The Carmel City Council began public discussion of the city’s 2018 budget at a Sept. 8 workshop at City Hall.
Carmel Mayor Jim Brainard announced he will suggest setting the city’s property tax rate at the same level for 2018 as it was in 2017.
“The current fiscal plan was based on that assumption,” he said.
Overall, there is a suggested 5.9 percent increase in salaries. Some of that is for cost of living adjustments. In other cases, it is to move salaries closer to goals determined after a salary study conducted last year. The salary increases range anywhere from a 4.5 percent increase in the Carmel Street Dept. and a 6.5 percent for the Carmel Fire Dept.
The budget workshops are split into two sessions, with the second session – which is open to the public – set for 1 p.m. Sept. 15 in the council chambers. About half of the city departments presented their budgets Sept. 8. No decisions were made.
One change for the 2018 is an additional $350,000 in the operations department for contract services, which is a 17.77 percent increase compared to 2017. Of the amount, $50,000 is set aside to cover potential costs associated with the ice skating rink because there is no historical precedence for operations and maintenance costs or how much profit it will bring in.
The rest allows the city to cover an anticipated gap in operations and maintenance reimbursement expenses to the Center for the Performing Arts and The Palladium. When the gap is covered, it’s expected The Palladium will have a $1.1 million in operating expenses paid by the city every year. The expense is accounted for in the 2018 budget request and is in accordance with a 2013 agreement.
The Carmel Police Dept. will increase full-time salaries by $586,076 for a 3 percent pay increase and three new officers. There’s also an $8,000 increase in part-time salaries for a deputy prosecutor and an increased pay rate for the city mechanic.
The Dept. of Community Services is proposing spending $195,000 in 2018, an increase from $60,000 in 2017, to plant 60 new trees and replace 590 trees around the city.
“Street trees are hard,” Brainard said. “There are fumes from cars and salt from the snow. It’s been a number of years since we replaced them.”
The Community Relations and Economic Development Dept. will budget $9,000 for Porchfest’s filing to be a 501(c)3 and $8,000 to pay Emily Erghott, executive director of the Carmel Clay Historical Society, as an event manager for Porchfest. There’s also $150,000 for a new portable stage and $9,000 for a new wrap for the mobile stage. There’s also $125,000 budgeted for the Christkindlmarkt and $60,000 budgeted for the ice skating rink.
For the Carmel Redevelopment Dept.’s budget, there is an overall reduction in the budget by $40,000. Director Corrie Meyer’s salary has been moved from full-time salaries to the department’s consulting budget because she is running for state senator in a primary against incumbent Mike Delph.
For 2018, the City of Carmel will merge the Information Technology Dept. with the Communications Center. That’s because several years ago Carmel had its own 911 call center but it was later decided by the state that there was only need for one 911 center in each county.
“Every year we save $800,000 or $1.1 million due to working with the county,” Brainard said. “Some things were still done at the communications center, such as police radio, so it made sense, budget-wise, to combine with the IT department.”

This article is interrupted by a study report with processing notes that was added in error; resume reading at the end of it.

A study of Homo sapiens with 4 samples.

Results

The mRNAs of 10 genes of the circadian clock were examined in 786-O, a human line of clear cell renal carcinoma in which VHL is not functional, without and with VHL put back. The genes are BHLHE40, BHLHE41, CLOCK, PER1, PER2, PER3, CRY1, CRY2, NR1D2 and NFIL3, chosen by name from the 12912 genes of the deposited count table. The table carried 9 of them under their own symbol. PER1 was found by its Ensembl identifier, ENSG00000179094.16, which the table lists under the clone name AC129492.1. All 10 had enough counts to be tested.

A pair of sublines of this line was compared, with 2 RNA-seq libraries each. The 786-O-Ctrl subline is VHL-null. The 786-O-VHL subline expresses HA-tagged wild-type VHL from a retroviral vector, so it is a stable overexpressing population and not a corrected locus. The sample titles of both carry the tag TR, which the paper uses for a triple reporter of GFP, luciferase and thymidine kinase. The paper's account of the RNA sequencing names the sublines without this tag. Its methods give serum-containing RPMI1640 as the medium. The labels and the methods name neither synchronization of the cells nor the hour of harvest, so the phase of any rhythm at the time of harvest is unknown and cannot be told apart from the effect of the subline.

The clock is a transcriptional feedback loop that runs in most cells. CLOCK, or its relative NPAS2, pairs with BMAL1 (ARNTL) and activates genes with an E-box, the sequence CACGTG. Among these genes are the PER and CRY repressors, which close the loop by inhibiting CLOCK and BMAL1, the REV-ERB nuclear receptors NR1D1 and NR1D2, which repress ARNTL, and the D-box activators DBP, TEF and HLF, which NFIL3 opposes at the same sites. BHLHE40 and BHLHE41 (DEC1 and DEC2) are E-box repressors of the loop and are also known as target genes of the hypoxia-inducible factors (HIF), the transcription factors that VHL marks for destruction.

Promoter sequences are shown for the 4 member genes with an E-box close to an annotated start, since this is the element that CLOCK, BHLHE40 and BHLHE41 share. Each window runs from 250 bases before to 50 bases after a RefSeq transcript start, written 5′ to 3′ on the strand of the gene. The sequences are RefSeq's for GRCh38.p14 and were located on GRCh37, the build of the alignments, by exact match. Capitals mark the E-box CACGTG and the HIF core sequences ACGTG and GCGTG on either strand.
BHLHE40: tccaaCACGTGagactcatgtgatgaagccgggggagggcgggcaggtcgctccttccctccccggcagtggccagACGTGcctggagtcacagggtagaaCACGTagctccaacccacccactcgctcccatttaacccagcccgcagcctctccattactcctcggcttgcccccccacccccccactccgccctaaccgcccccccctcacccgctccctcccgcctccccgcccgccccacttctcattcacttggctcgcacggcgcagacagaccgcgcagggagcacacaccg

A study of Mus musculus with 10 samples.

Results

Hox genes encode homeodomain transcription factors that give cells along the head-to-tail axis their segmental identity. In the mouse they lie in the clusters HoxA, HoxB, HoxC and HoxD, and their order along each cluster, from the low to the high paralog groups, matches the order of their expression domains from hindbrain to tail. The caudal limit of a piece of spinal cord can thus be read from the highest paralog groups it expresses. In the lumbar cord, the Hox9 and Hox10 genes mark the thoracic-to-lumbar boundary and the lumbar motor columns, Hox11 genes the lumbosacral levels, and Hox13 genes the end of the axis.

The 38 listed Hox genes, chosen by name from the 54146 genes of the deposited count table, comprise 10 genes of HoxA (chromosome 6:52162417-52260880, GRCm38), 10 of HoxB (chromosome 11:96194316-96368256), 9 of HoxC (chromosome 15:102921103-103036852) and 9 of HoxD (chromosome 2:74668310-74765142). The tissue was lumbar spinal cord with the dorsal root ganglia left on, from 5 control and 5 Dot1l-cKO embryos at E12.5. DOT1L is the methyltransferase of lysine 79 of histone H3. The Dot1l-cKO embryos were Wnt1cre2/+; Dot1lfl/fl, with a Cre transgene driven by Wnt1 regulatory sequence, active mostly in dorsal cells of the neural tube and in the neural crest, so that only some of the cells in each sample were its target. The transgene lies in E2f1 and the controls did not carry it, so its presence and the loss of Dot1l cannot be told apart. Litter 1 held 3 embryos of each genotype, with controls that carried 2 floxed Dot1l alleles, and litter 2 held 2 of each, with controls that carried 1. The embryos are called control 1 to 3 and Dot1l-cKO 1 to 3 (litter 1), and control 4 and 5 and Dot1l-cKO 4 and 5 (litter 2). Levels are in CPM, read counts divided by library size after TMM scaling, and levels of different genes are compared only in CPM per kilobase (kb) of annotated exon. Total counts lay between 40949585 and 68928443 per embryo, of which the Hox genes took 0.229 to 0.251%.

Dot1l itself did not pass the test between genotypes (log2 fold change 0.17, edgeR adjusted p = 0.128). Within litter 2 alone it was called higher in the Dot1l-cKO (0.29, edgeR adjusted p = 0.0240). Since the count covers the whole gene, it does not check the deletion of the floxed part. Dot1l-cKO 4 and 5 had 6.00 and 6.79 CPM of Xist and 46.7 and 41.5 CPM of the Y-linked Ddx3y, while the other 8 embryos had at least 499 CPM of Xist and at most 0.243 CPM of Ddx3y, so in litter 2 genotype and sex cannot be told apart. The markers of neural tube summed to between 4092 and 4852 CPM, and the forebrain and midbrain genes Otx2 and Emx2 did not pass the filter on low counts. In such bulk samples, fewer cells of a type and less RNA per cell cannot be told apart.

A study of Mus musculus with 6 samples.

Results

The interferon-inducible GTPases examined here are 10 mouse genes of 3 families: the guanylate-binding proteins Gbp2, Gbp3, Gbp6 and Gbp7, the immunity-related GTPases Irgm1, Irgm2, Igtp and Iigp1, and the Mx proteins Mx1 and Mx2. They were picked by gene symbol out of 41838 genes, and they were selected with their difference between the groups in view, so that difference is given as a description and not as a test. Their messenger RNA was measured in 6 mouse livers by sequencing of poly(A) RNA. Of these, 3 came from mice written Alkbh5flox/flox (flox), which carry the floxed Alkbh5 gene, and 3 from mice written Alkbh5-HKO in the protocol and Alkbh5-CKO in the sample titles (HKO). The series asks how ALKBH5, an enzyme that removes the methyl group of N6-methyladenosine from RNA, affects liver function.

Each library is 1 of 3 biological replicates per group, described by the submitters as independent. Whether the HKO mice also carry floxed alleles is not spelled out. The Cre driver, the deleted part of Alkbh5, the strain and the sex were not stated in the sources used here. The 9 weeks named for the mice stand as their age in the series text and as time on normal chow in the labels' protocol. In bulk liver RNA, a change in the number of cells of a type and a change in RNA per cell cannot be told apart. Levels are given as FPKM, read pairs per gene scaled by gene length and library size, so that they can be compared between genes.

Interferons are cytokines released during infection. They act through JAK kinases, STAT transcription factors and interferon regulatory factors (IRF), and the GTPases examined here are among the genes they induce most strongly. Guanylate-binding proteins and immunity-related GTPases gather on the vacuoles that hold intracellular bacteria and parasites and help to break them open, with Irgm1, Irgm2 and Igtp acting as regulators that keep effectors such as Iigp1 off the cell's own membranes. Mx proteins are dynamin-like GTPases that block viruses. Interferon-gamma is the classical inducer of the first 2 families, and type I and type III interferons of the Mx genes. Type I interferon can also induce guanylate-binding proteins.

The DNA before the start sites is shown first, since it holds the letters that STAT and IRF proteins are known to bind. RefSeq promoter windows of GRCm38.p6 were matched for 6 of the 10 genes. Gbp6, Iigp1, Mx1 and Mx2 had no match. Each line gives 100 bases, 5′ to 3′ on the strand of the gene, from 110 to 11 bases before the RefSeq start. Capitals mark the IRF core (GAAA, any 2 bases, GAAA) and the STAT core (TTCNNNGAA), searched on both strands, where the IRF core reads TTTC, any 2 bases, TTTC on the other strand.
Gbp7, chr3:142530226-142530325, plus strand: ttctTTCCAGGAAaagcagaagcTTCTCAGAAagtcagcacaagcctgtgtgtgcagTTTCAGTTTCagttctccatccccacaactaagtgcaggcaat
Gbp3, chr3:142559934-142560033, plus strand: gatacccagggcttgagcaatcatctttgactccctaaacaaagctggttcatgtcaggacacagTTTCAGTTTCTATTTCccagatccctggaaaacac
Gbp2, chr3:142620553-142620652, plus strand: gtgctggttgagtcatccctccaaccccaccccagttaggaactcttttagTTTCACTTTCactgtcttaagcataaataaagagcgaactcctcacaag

Currently, there are six employees in the communications center building in the Carmel Arts & Design District next to The Pint Room. Brainard said the valuable real estate could be sold and redeveloped, which could mean significant tax revenue for the city. As a result, there is $45,000 budgeted for rent for the communications center since it could move to temporary office space. In the future, Brainard said the department will be housed at the soon-to-be renovated and expanded police headquarters.
City Legal Dept. has requested an additional $125,000 in legal fees for outside counsel. Corporation Counsel Douglas Haney said there is an increase in litigiousness against the City of Carmel, which he said is because Carmel is on the forefront of many municipal advancements, which often invites litigation. The department also is asking for money for an additional litigator to assist outside counsel in defending the city’s interests and to save public money by seeking reimbursement from people who negligently or intentionally damage public property. The salaries budget would increase by $102,623 for 2018, which includes a new employee and cost of living increases.
Brookshire Golf Course had very few changes in its budget for 2018, but soon the city council will decide on a bond that will have $6.2 million for the city-owned course, which includes about $1.5 million in course improvements to speed up the rate of play. The rest of the funds are for a new clubhouse. Brainard said replacing the clubhouse would be less expensive than renovating it.
“The pool will be moved to a separate area. There will be a new clubhouse and we will finally make all of the improvements that we’ve needed,” Brainard said.
Every year, there are between 28,000 and 32,000 rounds played at Brookshire, and most people pay about $28 per per round, according to city officials. The city wants to get closer to $40 per round.
Review the budget
To request a copy of the proposed 2018 budget, contact Clerk-Treasurer Christine Pauley at 317-571-2414 or firstname.lastname@example.org.